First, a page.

In the first part, this article explained the historical rationale and general framework of the National Automotive Policy 2014 (NAP2014). At the heart of the policy was the propulsion of a design and innovation based automotive economy, working towards global competitiveness through the gradual liberalisation of the automotive sector.
The formulation of the NAP2014 was done through an arduous consultation process with all stakeholders of the automotive ecosystem. The engagement, performed over a three-year period, took into account inputs, views and interests of industry players, academic circles, government bodies and public participation.
This allowed for a fair assessment in the formulation of key development areas within the entire ecosystem, covering missing industry linkages, technology and human capital gaps, as well as innovation capacities across from the economic, policy and societal points of view.
A key lesson from the consultation process was the overwhelming clamour for a streamlined direction in allowing innovation to realistically materialize. Investment in technology and the necessary human capital development, is not a straight forward process, albeit a decision that all stakeholders were prepared to make to stay competitive, despite its high cost.
The automotive sector is extremely diverse, not just in its product range, but also the quantity of manufacturing process specializations it requires.
Furthermore, the infrastructure, manpower and skill levels were vastly different when comparing the manufacturing sector against the after sales sector.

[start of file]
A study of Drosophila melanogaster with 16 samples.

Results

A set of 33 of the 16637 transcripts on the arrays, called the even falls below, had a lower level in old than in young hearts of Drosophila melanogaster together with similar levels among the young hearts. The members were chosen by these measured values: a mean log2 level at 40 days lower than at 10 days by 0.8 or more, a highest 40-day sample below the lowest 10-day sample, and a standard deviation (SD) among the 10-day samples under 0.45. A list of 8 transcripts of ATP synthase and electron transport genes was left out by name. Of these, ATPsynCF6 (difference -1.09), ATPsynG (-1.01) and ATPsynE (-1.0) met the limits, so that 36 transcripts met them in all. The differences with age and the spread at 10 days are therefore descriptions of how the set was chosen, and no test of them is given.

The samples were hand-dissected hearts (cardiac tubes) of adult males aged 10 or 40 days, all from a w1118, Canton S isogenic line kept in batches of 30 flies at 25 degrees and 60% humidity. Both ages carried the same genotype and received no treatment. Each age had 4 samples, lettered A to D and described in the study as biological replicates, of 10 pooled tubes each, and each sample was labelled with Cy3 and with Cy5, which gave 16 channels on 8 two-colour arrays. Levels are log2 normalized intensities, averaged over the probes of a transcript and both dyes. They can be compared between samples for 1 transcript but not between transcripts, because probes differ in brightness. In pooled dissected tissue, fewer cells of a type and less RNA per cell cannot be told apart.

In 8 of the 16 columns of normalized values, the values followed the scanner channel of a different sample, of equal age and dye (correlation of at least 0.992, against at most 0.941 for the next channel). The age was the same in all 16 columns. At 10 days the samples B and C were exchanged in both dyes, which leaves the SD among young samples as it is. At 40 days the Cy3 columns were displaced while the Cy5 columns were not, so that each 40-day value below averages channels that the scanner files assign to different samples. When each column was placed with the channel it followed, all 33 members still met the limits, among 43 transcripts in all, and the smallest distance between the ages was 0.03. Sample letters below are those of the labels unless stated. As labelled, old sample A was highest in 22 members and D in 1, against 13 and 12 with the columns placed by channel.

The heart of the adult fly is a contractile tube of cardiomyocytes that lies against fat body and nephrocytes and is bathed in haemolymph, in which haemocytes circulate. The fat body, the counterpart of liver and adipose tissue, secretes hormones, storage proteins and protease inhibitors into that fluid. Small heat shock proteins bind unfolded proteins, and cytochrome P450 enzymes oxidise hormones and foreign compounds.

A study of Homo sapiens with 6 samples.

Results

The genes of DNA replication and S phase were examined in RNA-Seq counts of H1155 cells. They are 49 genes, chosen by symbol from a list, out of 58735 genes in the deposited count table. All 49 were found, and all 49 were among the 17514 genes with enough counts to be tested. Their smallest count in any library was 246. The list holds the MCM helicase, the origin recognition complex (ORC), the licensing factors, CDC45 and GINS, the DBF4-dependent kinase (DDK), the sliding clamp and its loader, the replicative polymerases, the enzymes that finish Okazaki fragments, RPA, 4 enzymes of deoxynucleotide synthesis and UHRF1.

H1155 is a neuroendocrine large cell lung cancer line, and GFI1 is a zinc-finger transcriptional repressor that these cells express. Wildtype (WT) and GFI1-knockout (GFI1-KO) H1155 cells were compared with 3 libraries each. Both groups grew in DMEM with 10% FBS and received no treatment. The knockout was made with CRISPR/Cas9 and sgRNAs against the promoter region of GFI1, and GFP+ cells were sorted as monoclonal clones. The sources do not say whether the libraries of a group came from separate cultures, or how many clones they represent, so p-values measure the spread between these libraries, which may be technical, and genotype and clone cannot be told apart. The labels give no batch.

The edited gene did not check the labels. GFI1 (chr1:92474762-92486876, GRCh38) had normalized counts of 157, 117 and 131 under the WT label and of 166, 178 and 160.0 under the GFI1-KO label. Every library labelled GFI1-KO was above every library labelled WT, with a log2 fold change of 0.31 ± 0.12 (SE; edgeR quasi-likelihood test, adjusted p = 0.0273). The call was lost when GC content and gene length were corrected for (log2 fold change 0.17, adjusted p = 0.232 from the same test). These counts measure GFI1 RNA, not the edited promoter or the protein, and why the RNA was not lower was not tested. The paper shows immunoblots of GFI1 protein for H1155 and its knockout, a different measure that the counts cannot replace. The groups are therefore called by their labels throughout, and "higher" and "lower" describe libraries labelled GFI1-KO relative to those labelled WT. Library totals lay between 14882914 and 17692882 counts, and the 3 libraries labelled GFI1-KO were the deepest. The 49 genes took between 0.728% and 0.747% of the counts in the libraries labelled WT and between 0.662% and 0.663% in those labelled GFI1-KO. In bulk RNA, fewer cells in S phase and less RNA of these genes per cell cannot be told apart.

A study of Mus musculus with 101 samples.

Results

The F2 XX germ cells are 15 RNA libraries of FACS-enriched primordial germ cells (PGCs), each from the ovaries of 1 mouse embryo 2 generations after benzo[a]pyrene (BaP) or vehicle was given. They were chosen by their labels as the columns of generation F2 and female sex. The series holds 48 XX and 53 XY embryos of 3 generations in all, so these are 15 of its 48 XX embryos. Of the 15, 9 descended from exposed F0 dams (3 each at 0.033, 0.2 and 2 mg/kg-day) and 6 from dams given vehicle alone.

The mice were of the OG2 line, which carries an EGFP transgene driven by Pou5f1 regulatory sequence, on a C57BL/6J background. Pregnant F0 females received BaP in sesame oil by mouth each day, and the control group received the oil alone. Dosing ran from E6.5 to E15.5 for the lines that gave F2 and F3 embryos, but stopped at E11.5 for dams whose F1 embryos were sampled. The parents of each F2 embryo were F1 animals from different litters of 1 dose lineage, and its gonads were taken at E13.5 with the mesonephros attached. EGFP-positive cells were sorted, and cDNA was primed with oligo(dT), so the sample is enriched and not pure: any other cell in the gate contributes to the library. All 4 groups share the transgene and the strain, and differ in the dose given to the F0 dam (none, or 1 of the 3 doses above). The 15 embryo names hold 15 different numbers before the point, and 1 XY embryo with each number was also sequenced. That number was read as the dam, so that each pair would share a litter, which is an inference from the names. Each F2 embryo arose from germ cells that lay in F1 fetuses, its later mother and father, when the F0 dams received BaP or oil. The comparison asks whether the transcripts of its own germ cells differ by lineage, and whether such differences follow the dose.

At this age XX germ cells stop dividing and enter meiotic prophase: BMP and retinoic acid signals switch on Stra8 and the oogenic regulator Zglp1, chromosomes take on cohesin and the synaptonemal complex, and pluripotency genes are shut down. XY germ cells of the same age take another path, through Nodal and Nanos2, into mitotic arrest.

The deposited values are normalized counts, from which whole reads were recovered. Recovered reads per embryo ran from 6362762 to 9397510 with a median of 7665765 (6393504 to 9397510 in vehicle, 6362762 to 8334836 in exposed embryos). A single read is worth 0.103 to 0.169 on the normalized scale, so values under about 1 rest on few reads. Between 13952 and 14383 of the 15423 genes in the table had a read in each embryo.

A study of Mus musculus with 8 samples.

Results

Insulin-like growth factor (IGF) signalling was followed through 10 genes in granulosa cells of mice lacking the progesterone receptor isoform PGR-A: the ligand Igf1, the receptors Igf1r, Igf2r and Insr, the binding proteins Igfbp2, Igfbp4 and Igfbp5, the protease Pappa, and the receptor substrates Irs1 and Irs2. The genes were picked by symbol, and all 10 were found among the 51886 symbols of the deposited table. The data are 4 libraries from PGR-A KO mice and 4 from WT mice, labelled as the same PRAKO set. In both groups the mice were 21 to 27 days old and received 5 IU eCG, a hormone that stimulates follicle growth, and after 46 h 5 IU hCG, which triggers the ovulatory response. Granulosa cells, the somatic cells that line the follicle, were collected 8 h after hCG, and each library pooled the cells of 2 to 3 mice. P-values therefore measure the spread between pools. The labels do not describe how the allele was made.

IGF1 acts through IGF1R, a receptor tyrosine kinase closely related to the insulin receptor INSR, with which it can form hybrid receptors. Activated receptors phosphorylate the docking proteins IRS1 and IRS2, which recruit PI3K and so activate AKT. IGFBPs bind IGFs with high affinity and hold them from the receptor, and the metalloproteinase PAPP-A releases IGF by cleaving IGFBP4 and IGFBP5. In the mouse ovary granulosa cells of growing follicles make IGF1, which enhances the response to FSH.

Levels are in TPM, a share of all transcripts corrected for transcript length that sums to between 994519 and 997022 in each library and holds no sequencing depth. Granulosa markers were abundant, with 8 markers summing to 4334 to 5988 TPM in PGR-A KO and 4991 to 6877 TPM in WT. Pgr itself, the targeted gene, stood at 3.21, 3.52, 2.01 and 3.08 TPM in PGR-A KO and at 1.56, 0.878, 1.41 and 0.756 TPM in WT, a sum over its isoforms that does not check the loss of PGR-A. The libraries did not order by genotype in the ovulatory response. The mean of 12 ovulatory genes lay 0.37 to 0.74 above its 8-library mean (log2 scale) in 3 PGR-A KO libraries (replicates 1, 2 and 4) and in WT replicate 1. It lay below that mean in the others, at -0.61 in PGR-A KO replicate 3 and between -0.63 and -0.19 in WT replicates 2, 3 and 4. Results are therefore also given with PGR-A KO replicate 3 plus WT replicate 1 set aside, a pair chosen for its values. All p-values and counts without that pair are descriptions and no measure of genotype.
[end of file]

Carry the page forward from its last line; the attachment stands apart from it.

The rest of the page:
It only made economic sense when technology goals are streamlined in a clear direction – allowing capacity building to take place based on an educated assessment of market opportunities and the risks associated with them.
This was one of the main reasons the NAP2014 was focused towards the creation of a regional hub for Energy Efficient Vehicles (EEVs).
It is now common knowledge that EEVs focus on any vehicle that meets a set standard of fuel consumption and carbon emission level.
The NAP2014 would allow business incentives to be directed towards technology and talent development that centres around energy efficient products and processes.
This would further spur targeted research and innovation led by the industry, in turn allowing increased participation from academia, research institutions and the public.
As mentioned in the first part of this series, the EEV policy was also tailored towards future demands in vehicle technology – fuel efficient, safe, secure and environmentally friendly.
The NAP2014 was not just formulated for innovation, but a business driven venture, with its first penetration point being the ASEAN region – a base of more than 600 million people which until today, had developed automotive industries with only cheap labour and commodities as its competitive advantage.
Overall, the policy was designed to allow Malaysia to emerge as a champion for sustainable mobility solutions in ASEAN.
It aims to further strengthen the current manufacturing and after sales sectors of the industry, tapping the wealth of skilled labour created by our education system, and streamlining research and innovation from the various institutions that has been set up in the country, through both public and private initiatives.
To make Malaysia a high income economy, it must provide high value jobs coming from high value businesses. High value businesses can only be created though policies that drive high value.
For Part 3, click here
The writer is the chief executive officer of Malaysia Automotive Institute.